In 1970, Gail Tverberg started working for the CNA insurance company as an actuarial trainee. This position gave her the opportunity to understand how inflation was about to affect the reserves set by the insurance company's adjusters, which had never been considered before.
She then joined a smaller insurance company, where she uncovered the consequences on an insurance company of the rise in oil prices recorded in 1973-1974 on the one hand, and of high-volatility interest rates on the other hand. After the insurance company declared bankruptcy, Gail Tverberg joined the CNA group again and realized it faces the very same problems.
Gail Tverberg then became an actuary-consultant: she was commissioned for expertise or to give answers to unusual questions of insurance companies using ad hoc predictive models. She was also regularly asked to model the behavior that should be expected of companies being created, which face various scenarios in the future. She especially worked on "long tail" activities, where claims arrive and are paid long after the damage has occurred.
In 2005, Gail Tverberg started facing the oil limit issue and its possible consequences. One of the first sources she used to understand and examine the subject was Jeremy Leggett's book Empty Tank: Oil, Gas, Hot Air, and the Coming Global Financial Catastrophe. Leggett's point of view is the traditional “peak oil” point of view, which is close, though not quite identical, to that which would be developed by Gail Tverberg from 2010.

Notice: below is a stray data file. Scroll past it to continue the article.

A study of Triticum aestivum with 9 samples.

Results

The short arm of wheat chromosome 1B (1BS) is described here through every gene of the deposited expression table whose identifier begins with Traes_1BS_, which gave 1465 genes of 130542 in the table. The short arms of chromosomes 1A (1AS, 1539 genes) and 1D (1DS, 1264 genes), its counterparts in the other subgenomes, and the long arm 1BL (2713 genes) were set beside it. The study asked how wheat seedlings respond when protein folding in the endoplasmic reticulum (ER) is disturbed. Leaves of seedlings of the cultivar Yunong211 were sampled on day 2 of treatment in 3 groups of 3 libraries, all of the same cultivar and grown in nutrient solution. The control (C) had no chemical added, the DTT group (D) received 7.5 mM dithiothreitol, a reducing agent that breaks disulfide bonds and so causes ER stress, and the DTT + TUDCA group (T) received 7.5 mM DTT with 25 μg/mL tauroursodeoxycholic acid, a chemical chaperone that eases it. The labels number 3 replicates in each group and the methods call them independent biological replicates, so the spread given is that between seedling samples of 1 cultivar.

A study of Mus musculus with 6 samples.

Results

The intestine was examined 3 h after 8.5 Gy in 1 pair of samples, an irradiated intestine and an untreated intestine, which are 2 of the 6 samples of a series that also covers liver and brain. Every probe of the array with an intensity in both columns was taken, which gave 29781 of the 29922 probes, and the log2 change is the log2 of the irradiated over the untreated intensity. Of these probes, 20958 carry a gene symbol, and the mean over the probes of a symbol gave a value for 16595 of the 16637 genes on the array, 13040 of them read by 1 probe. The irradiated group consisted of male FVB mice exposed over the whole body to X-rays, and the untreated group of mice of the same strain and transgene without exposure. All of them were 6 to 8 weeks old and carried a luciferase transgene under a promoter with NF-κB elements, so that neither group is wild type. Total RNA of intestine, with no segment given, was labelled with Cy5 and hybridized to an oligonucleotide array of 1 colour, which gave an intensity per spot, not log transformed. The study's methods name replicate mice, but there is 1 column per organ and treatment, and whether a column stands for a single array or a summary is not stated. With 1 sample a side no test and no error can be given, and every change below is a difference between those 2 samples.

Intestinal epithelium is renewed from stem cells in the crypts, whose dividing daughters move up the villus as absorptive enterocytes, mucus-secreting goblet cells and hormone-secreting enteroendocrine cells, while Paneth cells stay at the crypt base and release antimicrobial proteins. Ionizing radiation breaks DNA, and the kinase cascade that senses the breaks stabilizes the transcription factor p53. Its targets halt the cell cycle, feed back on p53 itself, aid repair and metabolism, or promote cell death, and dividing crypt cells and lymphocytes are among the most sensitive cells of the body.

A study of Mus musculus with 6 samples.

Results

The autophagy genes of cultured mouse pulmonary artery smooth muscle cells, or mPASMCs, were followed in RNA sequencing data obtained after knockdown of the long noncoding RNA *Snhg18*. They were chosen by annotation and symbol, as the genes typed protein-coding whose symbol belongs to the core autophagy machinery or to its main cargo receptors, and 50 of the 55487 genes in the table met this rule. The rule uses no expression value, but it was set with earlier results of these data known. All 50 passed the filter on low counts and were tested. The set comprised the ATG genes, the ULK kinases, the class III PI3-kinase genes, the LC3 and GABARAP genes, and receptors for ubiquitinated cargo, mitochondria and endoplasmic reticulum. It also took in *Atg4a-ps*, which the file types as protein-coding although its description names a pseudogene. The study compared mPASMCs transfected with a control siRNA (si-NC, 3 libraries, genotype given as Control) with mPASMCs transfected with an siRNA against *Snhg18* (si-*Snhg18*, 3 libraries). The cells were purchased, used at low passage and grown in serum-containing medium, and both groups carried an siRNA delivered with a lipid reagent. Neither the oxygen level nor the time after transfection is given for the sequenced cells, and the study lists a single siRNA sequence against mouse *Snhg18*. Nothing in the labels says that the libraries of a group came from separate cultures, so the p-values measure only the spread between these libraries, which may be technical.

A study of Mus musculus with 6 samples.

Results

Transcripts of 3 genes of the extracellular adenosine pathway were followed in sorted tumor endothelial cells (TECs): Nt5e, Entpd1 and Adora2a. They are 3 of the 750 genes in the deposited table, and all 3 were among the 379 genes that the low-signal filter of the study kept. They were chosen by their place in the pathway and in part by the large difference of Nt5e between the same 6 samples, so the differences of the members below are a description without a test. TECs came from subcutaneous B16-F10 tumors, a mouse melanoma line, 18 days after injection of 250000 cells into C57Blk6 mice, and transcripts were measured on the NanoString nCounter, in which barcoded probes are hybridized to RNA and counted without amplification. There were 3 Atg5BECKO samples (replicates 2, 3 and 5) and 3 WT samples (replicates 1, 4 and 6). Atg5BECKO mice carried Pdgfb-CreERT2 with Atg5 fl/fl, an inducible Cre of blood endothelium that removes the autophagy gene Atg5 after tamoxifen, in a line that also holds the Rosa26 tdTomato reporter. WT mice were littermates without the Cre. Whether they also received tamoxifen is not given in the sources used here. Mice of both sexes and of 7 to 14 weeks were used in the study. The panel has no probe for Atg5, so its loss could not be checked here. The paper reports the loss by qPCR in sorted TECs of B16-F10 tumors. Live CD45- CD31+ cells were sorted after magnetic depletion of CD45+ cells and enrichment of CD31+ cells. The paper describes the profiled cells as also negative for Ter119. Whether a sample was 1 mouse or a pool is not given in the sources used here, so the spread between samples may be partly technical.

In March 2007, she retired early to work full time on the oil subject. After reading some of her articles, editors of The Oil Drum group invited Tverberg to write articles for them, under the alias “Gail The Actuary”, and then become publisher. This experience brought her into contact with many people working in the field of energy and/or interested in the subject of limited oil supply. In an article written at the beginning of 2008, she announced the financial crisis to come.
Gail Tverberg then wrote or co-authored several articles published in peer-reviewed scientific journals on the strong relationship between energy and economics or financial crises. She is also involved in writing scientific books.
- Gail Tverberg's Gravatar profile.
- Tverberg, Gail (30 January 2018). "How the Peak Oil story could be "close," but not quite right". Retrieved 1 February 2019.
- Tverberg, Gail (27 October 2016). "How researchers could miss the real energy story". Retrieved 27 January 2019.
- Tverberg, Gail (6 May 2013). "Reaching limits in a finite world". Retrieved 27 January 2019.
- Leggett, Jeremy (1 November 2005). Empty Tank: Oil, Gas, Hot Air, and the Coming Global Financial Catastrophe (PDF). Random House. p. 256. ISBN 978-1-4000-6527-1..
- Tverberg, Gail E. (January 2012). "Oil Supply Limits and the Continuing Financial Crisis". Energy. 37 (1): 27–34. doi:10.1016/j.energy.2011.05.049.
- Wang, Jianliang; Feng, Lianyong; Tverberg, Gail E. (June 2013). "An analysis of China's coal supply and its impact on China's future economic growth". Energy Policy. 57: 542–551. doi:10.1016/j.enpol.2013.02.034.
- Reddy, Sudhakara (éd.); Ulgiati, Sergio (éd.) (2013). Energy Security and Development - The Changing Global Context (PDF). Cambridge Scholars Publishing. Retrieved 27 January 2019. Lay summary.
- "The Next Financial Crisis Is Not Far Away". 26 June 2017.
- "How the Economy Works as It Reaches Energy Limits — An Introduction for Actuaries and Others". 8 May 2018.
- "The problem of properly evaluating intermittent renewables – BioPhysical Economics" (PDF). 20 June 2017.
- Space Solar Power Institute web site.